The $3 Million Bounty On Salman Rushdie Explained

On August 12, Indian-born novelist Salman Rushdie was attacked at a panel discussion for the Chautauqua Institution in western New York. In the 1980s, a bounty from the Iranian government was put on Rushdie, author of "The Satanic Verses," a fictional work which includes depictions of the Islamic prophet Muhammad. Rushdie was 75 years old when the New York assault took place. As of this report, the author's condition was unknown, based on reporting from CNBC.

According to the AP, at the morning event a lone male individual rushed the stage where Rushdie was speaking. After appearing to physically engage with the assailant, Rushdie then fell to the ground, surrounded by concerned onlookers. The shocked audience was ushered from the theater. Rushdie reportedly received at least one stab wound in the neck. Rushdie was transported by helicopter to a nearby hospital. The alleged attacker was taken into custody at the scene, as the AP goes on to report.

The Iranian government distanced itself from the Rushdie bounty

As NPR notes, the Iranian government has since distanced itself from the 1989 fatwa, or edict, from then-Iranian leader Ayatollah Ruhollah Khomeini calling for Rushdie's death. AP reports that more than $3 million has been offered for Rushdie's death. A report by Politico credits a "semi-official Iranian religious foundation" with increasing the original bounty, of $2.8 million, up to $3.3 million in 2012. More money was added to the bounty as recently as 2016, according to Reuters.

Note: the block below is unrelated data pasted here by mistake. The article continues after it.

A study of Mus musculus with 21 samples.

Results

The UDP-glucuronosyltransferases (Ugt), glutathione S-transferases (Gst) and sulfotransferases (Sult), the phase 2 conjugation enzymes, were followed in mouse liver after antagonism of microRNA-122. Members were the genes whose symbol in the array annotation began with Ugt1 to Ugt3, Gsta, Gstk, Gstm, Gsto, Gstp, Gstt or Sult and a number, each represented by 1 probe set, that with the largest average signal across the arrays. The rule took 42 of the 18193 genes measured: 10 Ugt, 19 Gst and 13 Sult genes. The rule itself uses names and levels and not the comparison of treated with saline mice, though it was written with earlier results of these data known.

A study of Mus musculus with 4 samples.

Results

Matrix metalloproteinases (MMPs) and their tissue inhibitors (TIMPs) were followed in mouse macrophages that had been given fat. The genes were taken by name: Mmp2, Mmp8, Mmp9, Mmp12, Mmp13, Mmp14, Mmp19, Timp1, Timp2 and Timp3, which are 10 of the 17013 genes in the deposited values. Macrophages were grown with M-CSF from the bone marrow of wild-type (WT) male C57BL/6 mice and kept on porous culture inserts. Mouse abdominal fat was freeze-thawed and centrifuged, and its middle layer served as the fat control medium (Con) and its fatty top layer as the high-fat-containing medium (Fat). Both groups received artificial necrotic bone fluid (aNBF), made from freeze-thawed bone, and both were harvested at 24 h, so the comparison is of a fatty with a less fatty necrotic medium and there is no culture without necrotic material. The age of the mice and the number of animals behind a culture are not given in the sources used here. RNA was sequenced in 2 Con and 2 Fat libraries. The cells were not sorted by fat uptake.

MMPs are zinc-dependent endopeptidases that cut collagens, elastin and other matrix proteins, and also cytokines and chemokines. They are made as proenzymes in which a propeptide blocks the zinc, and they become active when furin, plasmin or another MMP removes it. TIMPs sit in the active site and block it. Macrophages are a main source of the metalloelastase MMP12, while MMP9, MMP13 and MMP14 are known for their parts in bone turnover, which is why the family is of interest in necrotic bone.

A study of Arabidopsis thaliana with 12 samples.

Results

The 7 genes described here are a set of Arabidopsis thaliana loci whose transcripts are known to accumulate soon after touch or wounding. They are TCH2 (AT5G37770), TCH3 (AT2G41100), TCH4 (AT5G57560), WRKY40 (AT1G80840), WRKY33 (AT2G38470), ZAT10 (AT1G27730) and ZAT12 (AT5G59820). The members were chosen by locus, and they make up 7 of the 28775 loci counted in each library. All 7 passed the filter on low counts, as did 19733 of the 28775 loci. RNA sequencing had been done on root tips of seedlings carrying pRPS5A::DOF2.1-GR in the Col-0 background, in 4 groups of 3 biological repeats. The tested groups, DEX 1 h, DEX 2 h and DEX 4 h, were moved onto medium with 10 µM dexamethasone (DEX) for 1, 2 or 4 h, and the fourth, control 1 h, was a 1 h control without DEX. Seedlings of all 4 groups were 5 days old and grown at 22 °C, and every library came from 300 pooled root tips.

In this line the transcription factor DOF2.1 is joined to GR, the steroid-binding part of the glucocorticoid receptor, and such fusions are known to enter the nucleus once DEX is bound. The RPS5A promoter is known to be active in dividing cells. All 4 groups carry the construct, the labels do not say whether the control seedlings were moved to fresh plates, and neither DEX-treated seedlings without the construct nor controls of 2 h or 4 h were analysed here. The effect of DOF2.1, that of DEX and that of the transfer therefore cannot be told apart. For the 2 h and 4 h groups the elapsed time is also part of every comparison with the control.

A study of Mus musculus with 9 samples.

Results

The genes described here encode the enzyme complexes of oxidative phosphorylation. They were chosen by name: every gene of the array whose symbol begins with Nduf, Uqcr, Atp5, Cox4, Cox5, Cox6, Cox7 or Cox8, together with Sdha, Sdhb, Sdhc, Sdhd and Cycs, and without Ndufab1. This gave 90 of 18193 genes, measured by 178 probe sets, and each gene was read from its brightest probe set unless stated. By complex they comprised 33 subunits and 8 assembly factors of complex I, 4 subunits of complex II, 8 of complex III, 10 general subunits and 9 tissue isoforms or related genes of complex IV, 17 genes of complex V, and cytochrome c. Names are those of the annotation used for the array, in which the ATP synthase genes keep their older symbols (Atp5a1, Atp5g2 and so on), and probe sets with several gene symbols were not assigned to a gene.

According to NPR, "The Satanic Verses" was controversial among some in the Muslim world for its characterization of the Muslim prophet, Muhammad. Considered blasphemous, the book was banned in Iran and elsewhere around the world, with riots over the book's publication in Mumbai, India, where 12 people were killed. As a result of the fatwa, Rushdie went into hiding under the protection of the British government, where Rushdie lived. Only after nine years in seclusion did Rushdie reemerge to make public appearances.

Rushdie continued to speak out against religious extremism

Even in the face of death threats, Rushdie continued to publish novels and advocate against religious extremism. At one point, Rushdie had served as president of PEN America, a U.S.-based nonprofit promoting free expression. In response to Rushdie's stabbing, Suzanne F. Nossel, the present CEO of PEN, said in a statement (via AP), "We can think of no comparable incident of a public violent attack on a literary writer on American soil ... Salman Rushdie has been targeted for his words for decades but has never flinched nor faltered," Nossel added.

Per the New York Post, New York Governor Kathy Hochul commented, "Here's an individual (Rushdie) who has spent decades speaking truth to power, someone who has been out there unafraid, despite the threats that have followed him his entire adult life." Rushdie was being well cared for at a New York hospital, Hochul added. As of this report, the Rushdie attacker was not identified. Rushdie's interviewer on stage at the event, Harry Reese, also received minor injuries in the assault (via CNBC).